Complaining about Andy Rooney

Andy Rooney has done his last bit of griping on 60 Minutes. A friend of mine suggested that his retirement creates a job opening for yours truly, the not-so-subtle implication being that I like to complain. I disagree. I don’t like to complain per se, but I don’t shy away from it. I merely speak my mind while others slavishly adhere to the old adage if you don’t have anything nice to say, don’t say anything at all.

Some people take that a step further. I know a woman who doesn’t ask questions because she doesn’t want to risk saying something that might be considered rude or offensive. Since she never knows what that might be, she avoids questions altogether. Finding that out was a revelation. Until then, I assumed that she didn’t like me, because I take the opposite approach. I ask questions to express my interest. I do it to show that I care and want to know what you have to say, what you’ve been up to, and how the world is treating you. I also feel it earns me the right to tell you, in return, how I am, what I’ve been up to and how the world is treating me. I operate on the premise that if I ask you something you’re not comfortable discussing, you will politely decline to answer, or change the subject, either of which works for me.

In the interview 60 Minutes did with Andy Rooney on the occasion of his retirement I learned more about him than I wanted to know. I had always thought of him as a quirky, plainspoken guy, someone who could make being a curmudgeon charming. In real life it seems he was a little low on charm. You can watch the video if you’re interested; I mention it because there is a difference between speaking your mind, and being small-minded. I don’t think I would have liked him very much. And if I’d gotten to spend a few minutes with him, and I’d asked him a few questions, I’d have figured that out pretty quickly.

I will grant you that I am more inquisitive than most, but I’m never malevolently motivated. I’m just plain curious. Lots of people seem to equate curiosity with being rude. If I had a dime for every time I asked a question that someone else thought was inappropriate I’d be a wealthy woman. Ironically, the people I ask the questions of rarely seem discomfited. I have friends who wish they could be more like me, but having been raised to bottle things up inside, they can’t. Then there are the people who use me as their proxy to ask a question they can’t bring themselves to ask, but whose answer they are burning to know.

Do I sound like I’m complaining? I don’t mean to. I’m making an observation about the way people interact with each other socially. Sure it involves some carping, but I do hate it when… Hang on. Sorry about that. I’ll stop here. I don’t want to be the next Andy Rooney. I don’t want my legacy to be that I complained; I want it to be that I expressed interest. What do you think about that?


8 responses to “Complaining about Andy Rooney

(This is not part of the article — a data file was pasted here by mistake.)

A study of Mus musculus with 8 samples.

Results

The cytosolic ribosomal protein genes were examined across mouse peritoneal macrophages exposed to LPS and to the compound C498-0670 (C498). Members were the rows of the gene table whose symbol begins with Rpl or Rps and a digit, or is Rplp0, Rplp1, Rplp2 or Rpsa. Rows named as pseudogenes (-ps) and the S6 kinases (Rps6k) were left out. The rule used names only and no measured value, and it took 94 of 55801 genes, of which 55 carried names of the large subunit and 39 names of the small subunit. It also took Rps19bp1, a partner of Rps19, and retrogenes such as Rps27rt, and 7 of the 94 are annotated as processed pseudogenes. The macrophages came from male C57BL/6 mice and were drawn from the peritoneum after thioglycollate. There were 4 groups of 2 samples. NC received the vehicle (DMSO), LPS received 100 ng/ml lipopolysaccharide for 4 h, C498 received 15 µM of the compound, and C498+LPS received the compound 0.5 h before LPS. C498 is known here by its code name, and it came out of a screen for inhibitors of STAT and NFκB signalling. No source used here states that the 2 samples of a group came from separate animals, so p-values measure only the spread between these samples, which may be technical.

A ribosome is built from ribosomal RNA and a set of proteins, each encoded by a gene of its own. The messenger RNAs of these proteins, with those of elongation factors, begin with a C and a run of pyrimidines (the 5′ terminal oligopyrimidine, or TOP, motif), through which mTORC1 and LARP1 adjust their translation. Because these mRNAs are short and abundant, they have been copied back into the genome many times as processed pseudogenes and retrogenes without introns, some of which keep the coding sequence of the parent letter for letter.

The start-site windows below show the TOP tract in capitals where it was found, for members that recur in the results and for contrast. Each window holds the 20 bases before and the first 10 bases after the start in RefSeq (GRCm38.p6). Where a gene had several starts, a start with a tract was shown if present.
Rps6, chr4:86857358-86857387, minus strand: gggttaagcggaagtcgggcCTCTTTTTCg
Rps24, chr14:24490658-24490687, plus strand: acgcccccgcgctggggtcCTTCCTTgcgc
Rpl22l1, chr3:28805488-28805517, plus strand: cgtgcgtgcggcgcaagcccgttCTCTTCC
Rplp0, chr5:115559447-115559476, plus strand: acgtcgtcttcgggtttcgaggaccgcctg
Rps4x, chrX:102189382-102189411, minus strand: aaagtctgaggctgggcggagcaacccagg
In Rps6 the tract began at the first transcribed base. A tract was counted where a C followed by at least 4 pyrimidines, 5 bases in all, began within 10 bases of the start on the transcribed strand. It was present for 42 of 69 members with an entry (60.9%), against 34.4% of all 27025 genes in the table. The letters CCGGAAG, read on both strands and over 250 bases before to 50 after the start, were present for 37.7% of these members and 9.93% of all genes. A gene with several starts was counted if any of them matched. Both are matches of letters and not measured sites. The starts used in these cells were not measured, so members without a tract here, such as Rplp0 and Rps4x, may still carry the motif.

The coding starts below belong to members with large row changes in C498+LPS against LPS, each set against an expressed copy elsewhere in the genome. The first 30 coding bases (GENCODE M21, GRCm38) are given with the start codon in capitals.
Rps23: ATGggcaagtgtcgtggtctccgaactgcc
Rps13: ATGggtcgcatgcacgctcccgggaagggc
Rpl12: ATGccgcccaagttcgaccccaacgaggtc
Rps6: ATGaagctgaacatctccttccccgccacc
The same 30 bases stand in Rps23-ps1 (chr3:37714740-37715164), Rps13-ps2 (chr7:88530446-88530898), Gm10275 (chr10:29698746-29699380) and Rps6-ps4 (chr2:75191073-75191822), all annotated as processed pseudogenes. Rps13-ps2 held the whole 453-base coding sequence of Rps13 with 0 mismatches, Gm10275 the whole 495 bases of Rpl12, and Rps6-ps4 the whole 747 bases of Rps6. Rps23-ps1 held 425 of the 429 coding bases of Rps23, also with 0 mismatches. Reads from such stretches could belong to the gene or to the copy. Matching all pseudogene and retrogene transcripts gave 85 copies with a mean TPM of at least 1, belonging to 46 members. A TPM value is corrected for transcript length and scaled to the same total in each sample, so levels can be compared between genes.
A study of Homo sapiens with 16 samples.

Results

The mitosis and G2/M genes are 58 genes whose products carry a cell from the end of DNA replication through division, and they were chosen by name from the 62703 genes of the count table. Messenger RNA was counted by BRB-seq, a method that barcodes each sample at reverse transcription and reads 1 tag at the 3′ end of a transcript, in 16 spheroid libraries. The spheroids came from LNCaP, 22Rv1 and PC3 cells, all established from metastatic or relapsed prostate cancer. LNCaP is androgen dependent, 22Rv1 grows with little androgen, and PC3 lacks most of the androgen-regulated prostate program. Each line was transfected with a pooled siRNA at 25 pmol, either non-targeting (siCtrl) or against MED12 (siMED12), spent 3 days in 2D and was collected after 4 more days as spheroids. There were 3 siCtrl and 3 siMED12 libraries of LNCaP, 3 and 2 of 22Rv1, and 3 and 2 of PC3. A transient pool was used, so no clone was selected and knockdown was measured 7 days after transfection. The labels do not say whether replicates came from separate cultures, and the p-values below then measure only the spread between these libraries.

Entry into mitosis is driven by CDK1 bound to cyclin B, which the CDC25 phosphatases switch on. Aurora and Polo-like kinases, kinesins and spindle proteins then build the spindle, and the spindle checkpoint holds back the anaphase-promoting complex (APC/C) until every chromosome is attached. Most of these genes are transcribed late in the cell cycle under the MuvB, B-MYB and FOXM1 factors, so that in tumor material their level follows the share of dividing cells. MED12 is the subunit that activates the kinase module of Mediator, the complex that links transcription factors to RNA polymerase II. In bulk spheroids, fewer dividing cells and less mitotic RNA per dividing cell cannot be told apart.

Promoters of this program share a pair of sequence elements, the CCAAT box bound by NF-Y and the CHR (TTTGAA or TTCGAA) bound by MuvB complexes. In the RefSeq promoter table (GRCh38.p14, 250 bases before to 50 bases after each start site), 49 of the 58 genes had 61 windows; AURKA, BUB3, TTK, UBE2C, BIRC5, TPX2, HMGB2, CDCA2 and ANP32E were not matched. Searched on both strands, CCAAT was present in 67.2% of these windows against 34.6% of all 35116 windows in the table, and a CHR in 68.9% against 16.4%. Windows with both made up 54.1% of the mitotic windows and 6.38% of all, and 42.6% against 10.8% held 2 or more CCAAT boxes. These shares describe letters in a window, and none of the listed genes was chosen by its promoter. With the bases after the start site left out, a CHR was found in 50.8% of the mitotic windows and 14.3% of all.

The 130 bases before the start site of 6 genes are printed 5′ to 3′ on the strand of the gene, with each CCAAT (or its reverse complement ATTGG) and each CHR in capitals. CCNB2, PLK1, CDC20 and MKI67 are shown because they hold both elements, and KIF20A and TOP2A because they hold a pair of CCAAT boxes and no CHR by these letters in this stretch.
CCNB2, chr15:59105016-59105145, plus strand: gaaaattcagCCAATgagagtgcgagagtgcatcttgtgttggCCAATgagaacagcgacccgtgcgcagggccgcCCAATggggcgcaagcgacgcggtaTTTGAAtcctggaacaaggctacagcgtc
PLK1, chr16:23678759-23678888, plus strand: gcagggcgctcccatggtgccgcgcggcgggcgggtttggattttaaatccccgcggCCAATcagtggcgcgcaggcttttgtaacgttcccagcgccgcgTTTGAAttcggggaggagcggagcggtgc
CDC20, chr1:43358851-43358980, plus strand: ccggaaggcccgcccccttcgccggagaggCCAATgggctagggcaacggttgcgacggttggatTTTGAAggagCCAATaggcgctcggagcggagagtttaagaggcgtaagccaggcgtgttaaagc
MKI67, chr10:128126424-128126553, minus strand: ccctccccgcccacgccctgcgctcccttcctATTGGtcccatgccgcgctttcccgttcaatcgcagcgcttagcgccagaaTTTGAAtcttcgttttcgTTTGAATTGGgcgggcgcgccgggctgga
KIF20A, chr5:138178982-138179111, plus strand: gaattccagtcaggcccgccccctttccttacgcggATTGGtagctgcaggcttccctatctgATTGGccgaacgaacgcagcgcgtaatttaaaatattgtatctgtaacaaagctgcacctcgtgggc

1. I don’t want you to be the next Andy Rooney either! I like and love you just the way you are Judy!

  2. I think there are a few other reasons that some people don’t ask questions. Years ago in graduate school I asked what I thought was an intelligent question. The professor replied, “If you don’t know what Plato meant, then you’re just plain stupid.” Also, there’s often an implied criticism in a question, e.g., “Are you going to replace your [defective] toaster?” or “Do you think your child is hyperactive?” –both suggest that I think some action should be taken. There are probably other hidden messages in many questions, but these are two that come to mind.

    • I wonder if that professor went on to teach math in an elementary school. When I was in sixth grade I asked a question about math and the teacher said, “You should have learned that in third grade,” and then didn’t answer the question! You’d think that would have put me off the whole question thing, but no-o-o. Must be how come I was voted “most argumentative” of my senior class, of over 800 students!

  3. I remember once Andy Rooney complained about all the things people sent him in response to earlier pieces. That made me realize that he wasn’t looking for solutions, just more things to complain about.
    On the other hand, Emily Rooney of WGBH (tv and radio), is one of his children. I like her a lot. So perhaps he has some redeeming qualities.

    • Today the news says he’s in the hospital. I hope it wasn’t a reaction to my post. I’m sure he has redeeming qualities, after all, I did chuckle and groan at his pieces on 60 Minutes for years.

  4. You only complain a little. What I really notice is that you have a unique voice in speaking and writing. In that way, you remind me of Anthony Bourdain, who sounds the same in his books as he does on his TV show. Not everyone can really pull off their own voice. You have a unique perspective on life. So does Andy Rooney, but in a different way. You’d be so much better at it.